Specimen of the Week: Week Forty

By Emma-Louise Nicholls, on 16 July 2012

Scary Monkey Week FortyThe specimen I have chosen this week is complex. Not so much in terms of biology, or morphology, but in terms of behaviour. Yes our specimens exhibit behaviour. The colugo for example, is very naughty, as I have mentioned to people before. Our woolly monkey (see image left) is now famous for scaring people, despite his dashing smile. This week’s specimen is enigmatic. If you look at him from the right, you’d think he was sleeping peacefully. If you look at him from the left, he fixes you with an ‘I dare you to come any closer’ expression as his dark pupil stares out from a narrow slit between his eyelids. This week’s Specimen of the Week is…


**!!!The Beaded Lizard!!!**


Beaded lizard at the Grant Museum of Zoology

Mexican beaded lizard (Heloderma horridum) at the Grant Museum of Zoology. LDUCZ-X99

1) There are two species of beaded lizard, the Mexican beaded lizard (one of which makes its home at the Grant Museum of Zoology, the lucky thing), and the somewhat more charismatically named gila monster. The gila monster may sound impressive and exciting whilst the Mexican beaded lizard conjures images of a reptile wearing jewellery, but the beaded lizard is just as impressive, let me tell you. For starters they can grow up to 90 cm in length, which is 35 cm longer than the gila monster. Take that gila.


You can see where it gets its name

You can see where it gets its name

2) Another reason that the Mexican beaded lizard should take a trip to the deed poll, is that it doesn’t just live in Mexico. They decided that Guatemala looks quite nice too and having been there I absolutely agree- check out the tail feathers on the national bird for example. You will find beaded lizards in dry open forests, thorny scrubland, or around the edges of deserty areas.


A gila monster taking a dip

A gila monster taking a dip

3) The beaded lizard is both diurnal (active during the day) and nocturnal (active during the night). No it is not an advocate of downing pro-plus and heaping tablespoons of coffee into its mug, it just chooses whether to come out at day or night depending on the season. As much as reptiles like the heat (as they can’t control their own body temperature- an issue I understand well) they don’t like extreme heat. On particularly hot days, they spend most of their time sheltering in rocky crevices or in pre-prepared self-dug burrows.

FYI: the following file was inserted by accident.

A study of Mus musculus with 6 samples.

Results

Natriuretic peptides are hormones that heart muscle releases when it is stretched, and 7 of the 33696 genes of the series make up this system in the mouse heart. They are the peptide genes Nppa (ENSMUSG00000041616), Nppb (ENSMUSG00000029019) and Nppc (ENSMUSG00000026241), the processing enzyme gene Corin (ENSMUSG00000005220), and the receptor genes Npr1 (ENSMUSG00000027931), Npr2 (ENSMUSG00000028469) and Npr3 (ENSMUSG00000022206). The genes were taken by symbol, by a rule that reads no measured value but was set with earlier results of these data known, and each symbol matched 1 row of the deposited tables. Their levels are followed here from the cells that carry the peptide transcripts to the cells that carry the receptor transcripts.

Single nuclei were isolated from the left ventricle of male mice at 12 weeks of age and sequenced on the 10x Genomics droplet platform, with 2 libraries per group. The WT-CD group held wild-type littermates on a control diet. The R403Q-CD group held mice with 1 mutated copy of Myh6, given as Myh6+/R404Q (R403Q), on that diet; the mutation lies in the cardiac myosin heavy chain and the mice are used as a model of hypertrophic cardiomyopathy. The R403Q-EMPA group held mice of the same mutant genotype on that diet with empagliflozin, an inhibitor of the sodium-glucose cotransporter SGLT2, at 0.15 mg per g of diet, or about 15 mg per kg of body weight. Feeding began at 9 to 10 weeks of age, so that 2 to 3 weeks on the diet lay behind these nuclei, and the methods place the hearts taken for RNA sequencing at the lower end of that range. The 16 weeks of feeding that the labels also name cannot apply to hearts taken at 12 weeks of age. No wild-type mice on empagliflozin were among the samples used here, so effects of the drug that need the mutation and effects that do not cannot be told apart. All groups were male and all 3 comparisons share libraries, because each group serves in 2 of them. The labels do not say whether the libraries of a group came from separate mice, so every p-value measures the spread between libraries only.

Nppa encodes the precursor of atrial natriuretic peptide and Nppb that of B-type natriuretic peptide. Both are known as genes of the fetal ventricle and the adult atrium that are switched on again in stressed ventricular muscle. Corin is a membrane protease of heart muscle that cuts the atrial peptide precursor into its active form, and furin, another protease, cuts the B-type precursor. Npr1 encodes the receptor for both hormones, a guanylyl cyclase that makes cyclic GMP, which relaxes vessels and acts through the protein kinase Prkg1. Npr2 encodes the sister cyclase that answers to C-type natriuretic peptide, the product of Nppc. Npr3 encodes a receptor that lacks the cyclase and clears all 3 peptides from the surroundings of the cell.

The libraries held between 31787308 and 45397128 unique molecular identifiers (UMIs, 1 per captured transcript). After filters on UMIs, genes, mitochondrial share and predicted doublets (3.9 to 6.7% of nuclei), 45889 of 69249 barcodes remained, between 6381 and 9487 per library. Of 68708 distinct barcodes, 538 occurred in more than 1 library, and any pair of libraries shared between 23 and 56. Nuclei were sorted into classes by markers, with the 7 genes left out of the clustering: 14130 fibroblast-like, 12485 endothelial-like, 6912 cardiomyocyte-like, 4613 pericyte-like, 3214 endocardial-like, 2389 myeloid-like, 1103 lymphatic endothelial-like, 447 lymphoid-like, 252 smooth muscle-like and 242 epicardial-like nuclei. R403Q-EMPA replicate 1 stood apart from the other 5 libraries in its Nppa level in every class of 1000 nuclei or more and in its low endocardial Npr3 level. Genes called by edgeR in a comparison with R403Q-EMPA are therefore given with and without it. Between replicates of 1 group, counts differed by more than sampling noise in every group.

Large, sharp claws for climbing

Large, sharp claws for climbing

4) Another reason why beaded lizards are impressive is their climbing skills and predatory abilities. They are adept at climbing trees and use their short, stocky tails as a counterweight in order to hunt arboreal prey such as birds, small mammals and other, smaller, lizards. They are also naughty on occasion and raid nests for eggs to eat.


5) The Mexican beaded lizard and the gila monster, are in a select, elite, non-official club of reptiles called ‘venomous lizards’. Whilst that makes them very cool, their system is not well thought out. When the lizard bites, venom is released from glands in the jaw which is expelled alongside the teeth. It must then hold on to the prey whilst the venom travels from the ducts to the open wound. Whilst in this posture, the lizard grinds its jaw from side to side which results in the frequent loss of teeth. This system is inefficient compared to the biting or stabbing method of venom injection of some snakes. A human bitten by a beaded lizard may suffer from swollen limbs, drowsiness, nausea, laboured breathing, a swollen tongue, a decrease in blood pressure and even paralysis as a result of the neurotoxins. However, research has suggested that the venom may in fact have properties that serve to enhance memory though, so it’s not all bad.


P.S. Check out the beaded lizard’s only known (to me) Hollywood appearance, in the film Race to Witch Mountain. Don’t blink or you’ll miss it.